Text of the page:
A sometimes overlooked source of helpful reading on the ministry are those volumes designed to tell us about the great preachers of the past. While much can be taught about the ministry, there is an element that is caught. I suggest we do our catching at the hands of the masters of the ministry. There are volumes of varying depth and detail that between their covers tell us about many of these preachers. I will review three here and tell you of some others you might look for.
1. Walking With The Giants by Warren Wiersbe
Wiersbe was a well-read preacher who was passionate about the ministry, great preachers, and reading. He is said to have 1000 volumes in the biography section of his library alone! This book is a collection of articles he wrote in the 1970s ( the precursor of blogs I suppose). Part 1 tells us of 19 of the greatest preachers ever. You will find Alexander Maclaren, Joseph Parker, Charles Spurgeon, Campbell Morgan, J.D. Jones, and George Morrison among others. Most of my favorites are there. These chapters are exceptional and may start you down the road of finding and reading the preachers who will most move you.
That’s not all. Part 2 will fascinate you as well as help you. He turns his attention to books. Several chapters cover preaching and other appropriate subjects. I don’t know about you, but I find myself often agreeing with his assessments. This is a treasure trove and a book I have returned to again and again.
2. Listening To The Giants by Warren Wiersbe
A sequel to his Walking With The Giants that continues his helpful work. Thirteen preachers are discussed, this time with an included sermon. Not quite as famous as those in the earlier volume, but well worth knowing.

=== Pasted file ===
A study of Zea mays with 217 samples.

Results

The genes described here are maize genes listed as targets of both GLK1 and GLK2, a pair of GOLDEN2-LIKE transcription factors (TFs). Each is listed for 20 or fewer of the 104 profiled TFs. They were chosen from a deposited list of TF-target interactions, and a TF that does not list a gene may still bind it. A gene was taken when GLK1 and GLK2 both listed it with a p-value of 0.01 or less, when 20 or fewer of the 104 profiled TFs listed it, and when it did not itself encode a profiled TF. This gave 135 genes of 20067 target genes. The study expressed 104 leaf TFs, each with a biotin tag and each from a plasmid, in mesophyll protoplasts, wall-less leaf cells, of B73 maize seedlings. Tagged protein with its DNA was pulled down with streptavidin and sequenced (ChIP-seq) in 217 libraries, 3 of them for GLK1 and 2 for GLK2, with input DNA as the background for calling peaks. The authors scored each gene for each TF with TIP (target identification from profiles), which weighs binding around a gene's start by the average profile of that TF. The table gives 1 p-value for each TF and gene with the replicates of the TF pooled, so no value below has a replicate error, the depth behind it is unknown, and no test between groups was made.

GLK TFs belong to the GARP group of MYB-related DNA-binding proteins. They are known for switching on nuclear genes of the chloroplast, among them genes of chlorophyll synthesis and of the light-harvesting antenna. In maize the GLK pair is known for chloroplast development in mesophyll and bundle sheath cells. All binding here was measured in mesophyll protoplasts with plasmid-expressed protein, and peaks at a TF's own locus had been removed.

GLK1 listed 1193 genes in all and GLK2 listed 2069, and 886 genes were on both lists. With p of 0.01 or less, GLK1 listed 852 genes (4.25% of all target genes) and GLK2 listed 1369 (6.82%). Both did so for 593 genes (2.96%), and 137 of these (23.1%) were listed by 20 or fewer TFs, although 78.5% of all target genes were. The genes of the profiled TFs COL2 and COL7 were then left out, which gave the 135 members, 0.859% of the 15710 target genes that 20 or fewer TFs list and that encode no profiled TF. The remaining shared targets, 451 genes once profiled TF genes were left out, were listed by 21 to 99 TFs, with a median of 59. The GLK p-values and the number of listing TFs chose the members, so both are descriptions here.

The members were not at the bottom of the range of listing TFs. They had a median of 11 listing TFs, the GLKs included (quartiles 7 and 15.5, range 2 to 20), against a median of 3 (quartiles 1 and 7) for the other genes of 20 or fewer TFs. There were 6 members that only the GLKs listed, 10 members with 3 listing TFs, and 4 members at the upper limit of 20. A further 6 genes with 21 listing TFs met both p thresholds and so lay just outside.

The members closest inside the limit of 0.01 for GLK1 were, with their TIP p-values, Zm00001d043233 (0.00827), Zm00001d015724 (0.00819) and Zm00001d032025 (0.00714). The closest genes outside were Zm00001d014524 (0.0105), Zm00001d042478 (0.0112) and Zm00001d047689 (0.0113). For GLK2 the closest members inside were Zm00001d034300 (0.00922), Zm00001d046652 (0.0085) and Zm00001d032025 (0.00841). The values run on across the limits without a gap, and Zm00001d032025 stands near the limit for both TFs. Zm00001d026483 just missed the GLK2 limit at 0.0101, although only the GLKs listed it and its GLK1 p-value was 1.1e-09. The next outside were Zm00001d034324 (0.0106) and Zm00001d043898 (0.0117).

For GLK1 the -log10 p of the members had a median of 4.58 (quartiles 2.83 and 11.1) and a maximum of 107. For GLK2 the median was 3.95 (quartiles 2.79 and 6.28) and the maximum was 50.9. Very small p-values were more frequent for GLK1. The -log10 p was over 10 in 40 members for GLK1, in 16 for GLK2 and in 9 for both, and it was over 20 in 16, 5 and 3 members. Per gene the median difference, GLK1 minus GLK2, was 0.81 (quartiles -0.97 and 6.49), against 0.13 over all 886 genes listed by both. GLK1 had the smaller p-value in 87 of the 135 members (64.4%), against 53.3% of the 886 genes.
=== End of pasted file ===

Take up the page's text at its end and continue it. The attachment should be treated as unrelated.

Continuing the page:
Part 2 is the best part of this book and will serve as an excellent guide to building a quality library. You will find books on parables and miracles and other subjects. His chapter “A Basic Library” is alone worth the price of the book. It was my first guide when I began assembling my own library. I was not disappointed in following his suggestions.
3. The Company of the Preachers by David Larsen
Every preacher should own and peruse this volume. Its scope is wide and its depth amazing. Every preacher who left writings that have made real impact is included. He writes from the Old Testament to the present day and you can see where your favorite preacher fits in the scheme of things. How did one man read so much and learn about all of these preachers! If you find a preacher you really like, be sure to read his footnotes. I hardly know how to describe this book–it is one of my very favorite books!
If you find that you really like these types of volumes (as I do), then you can add some other helpful volumes to your library. Look for A History of Preaching by F.R. Webber in three volumes. Then there is the 2-volume set by Edwin Dargin called too A History of Preaching. Ralph Turnbull added Volume 3 to bring the set up to date. After that you can these enjoyable volumes: Princes of the Church by W. Robertson Nicoll, Princes of the Modern Pulpit by Earnest Jeffs, The Best I Remenber by Arthur Porritt, and Nine Great Preachers by Albert Currier, The Scottish Pulpit by William Taylor, Princes of the Christian Pulpit and Pastorate by Harry Howard, and Preachers I Have Heard by Alexander Gammie. These are all 5-star volumes!
You might like The Wycliffe Handbook Preaching and Preachers by Wiersbe and Perry as well as Ed Reese’s Chronological Encyclopedia of Christian Biography. All these volumes have helped and blessed me. Searching used book sites will be required to secure several of these volumes, but they are worth all necessary effort.
You can find all posts and books reviewed in this series here.